Fears over the potential for multi-billion pound fines and damages from the industry's rate-rigging scandal sent banks' shares tumbling today.
Barclays plunged as much as 17%, wiping about £4 billion from its market value, as concerns mounted that the £290 million fines imposed on the bank could be dwarfed by the cost of lawsuits.
The shockwaves were felt throughout the sector as speculation suggested the interbank lending rate scandal was set to engulf other British banks.
Royal Bank of Scotland dropped 12%, Lloyds Banking Group fell 7% and HSBC was 4% lower.
Sandy Chen, banking analyst at Cenkos Securities, said he was braced for billions of pounds in fines and damages across the sector.
He said: "The cost of lawsuits related to the Libor rate scandal will likely dwarf the £290 million fine imposed on Barclays - and since Royal Bank of Scotland, HSBC and Lloyds Banking Group have also been named in lawsuits, we expect they will also face significant fines and damages. We are pencilling in multi-year provisions that could run into the billions."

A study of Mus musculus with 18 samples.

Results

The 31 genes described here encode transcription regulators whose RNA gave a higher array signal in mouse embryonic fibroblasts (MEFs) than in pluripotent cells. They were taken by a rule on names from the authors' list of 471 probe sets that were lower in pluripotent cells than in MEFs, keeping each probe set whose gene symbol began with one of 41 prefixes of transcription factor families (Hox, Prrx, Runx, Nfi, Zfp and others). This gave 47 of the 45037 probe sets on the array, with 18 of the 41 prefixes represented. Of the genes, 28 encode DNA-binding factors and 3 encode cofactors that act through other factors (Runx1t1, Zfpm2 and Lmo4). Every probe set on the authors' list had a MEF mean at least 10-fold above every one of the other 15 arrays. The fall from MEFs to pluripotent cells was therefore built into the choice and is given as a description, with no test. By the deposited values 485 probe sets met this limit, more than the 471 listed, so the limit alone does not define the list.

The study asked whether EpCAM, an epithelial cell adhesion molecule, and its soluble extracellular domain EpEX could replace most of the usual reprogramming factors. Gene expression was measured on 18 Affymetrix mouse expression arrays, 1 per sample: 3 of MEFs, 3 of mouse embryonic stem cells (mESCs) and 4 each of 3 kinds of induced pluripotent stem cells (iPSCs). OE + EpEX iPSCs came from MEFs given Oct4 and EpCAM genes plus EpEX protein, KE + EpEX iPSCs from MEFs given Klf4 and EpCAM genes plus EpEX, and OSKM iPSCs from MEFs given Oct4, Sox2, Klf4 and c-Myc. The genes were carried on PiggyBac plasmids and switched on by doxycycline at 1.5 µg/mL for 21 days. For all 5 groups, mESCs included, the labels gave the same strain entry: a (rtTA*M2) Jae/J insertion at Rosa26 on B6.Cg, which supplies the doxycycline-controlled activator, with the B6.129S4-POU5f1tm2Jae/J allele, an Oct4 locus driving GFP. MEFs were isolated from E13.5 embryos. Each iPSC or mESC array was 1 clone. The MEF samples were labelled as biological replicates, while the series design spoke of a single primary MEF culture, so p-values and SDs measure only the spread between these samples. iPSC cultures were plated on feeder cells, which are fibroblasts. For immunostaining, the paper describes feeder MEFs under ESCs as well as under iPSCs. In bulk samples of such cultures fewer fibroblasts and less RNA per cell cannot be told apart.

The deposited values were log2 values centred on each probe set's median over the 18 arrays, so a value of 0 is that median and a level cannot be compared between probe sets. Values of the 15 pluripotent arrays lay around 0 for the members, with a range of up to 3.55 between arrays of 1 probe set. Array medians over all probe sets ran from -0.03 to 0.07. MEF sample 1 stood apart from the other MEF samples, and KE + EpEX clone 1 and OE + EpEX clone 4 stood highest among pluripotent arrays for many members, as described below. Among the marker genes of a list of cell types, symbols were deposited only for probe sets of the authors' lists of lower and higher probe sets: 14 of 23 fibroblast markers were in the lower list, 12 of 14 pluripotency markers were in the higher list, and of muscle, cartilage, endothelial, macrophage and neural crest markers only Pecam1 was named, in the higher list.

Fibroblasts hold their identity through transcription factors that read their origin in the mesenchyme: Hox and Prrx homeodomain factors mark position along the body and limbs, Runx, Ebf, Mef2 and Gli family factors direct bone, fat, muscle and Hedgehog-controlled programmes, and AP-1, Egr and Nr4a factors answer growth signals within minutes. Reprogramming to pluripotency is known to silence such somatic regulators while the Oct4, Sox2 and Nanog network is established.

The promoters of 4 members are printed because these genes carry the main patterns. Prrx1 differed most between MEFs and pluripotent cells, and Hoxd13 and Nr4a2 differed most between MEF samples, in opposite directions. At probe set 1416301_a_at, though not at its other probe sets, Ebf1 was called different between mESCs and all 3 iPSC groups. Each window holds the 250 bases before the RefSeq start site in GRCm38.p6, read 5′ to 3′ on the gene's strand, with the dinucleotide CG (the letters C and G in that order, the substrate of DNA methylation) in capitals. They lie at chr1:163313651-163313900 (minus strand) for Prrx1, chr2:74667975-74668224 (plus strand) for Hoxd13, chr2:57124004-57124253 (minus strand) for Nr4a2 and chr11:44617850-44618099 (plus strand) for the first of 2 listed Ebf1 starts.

Mr Chen said recent disclosures on interest rate derivatives gave an indication of each bank's potential exposure to the rate scandal.
RBS reported £422 billion, HSBC reported $513 billion (£328 billion) and Lloyds recorded £43 billion, according to Mr Chen.
Analysts at Killik & Co agreed the interbank probe was likely to pull in other UK banks, but said Barclays should be able to withstand multibillion-pound damages.
They said: "Some estimates are that potential damages could run into the several billions of dollars, certainly damaging to Barclays but not too significant in the context of core tier one capital of £43 billion and annual net income over £3 billion."
The interbank lending investigation is the latest blow to the reputation - and shares - of Britain's banks, coming just days after RBS suffered an embarrassing computer crisis.
Last week most of the major players also suffered a ratings downgrade by agency Moody's and the sector is also reportedly facing a formal investigation over the sale of complex interest rate swaps to small and medium-sized businesses.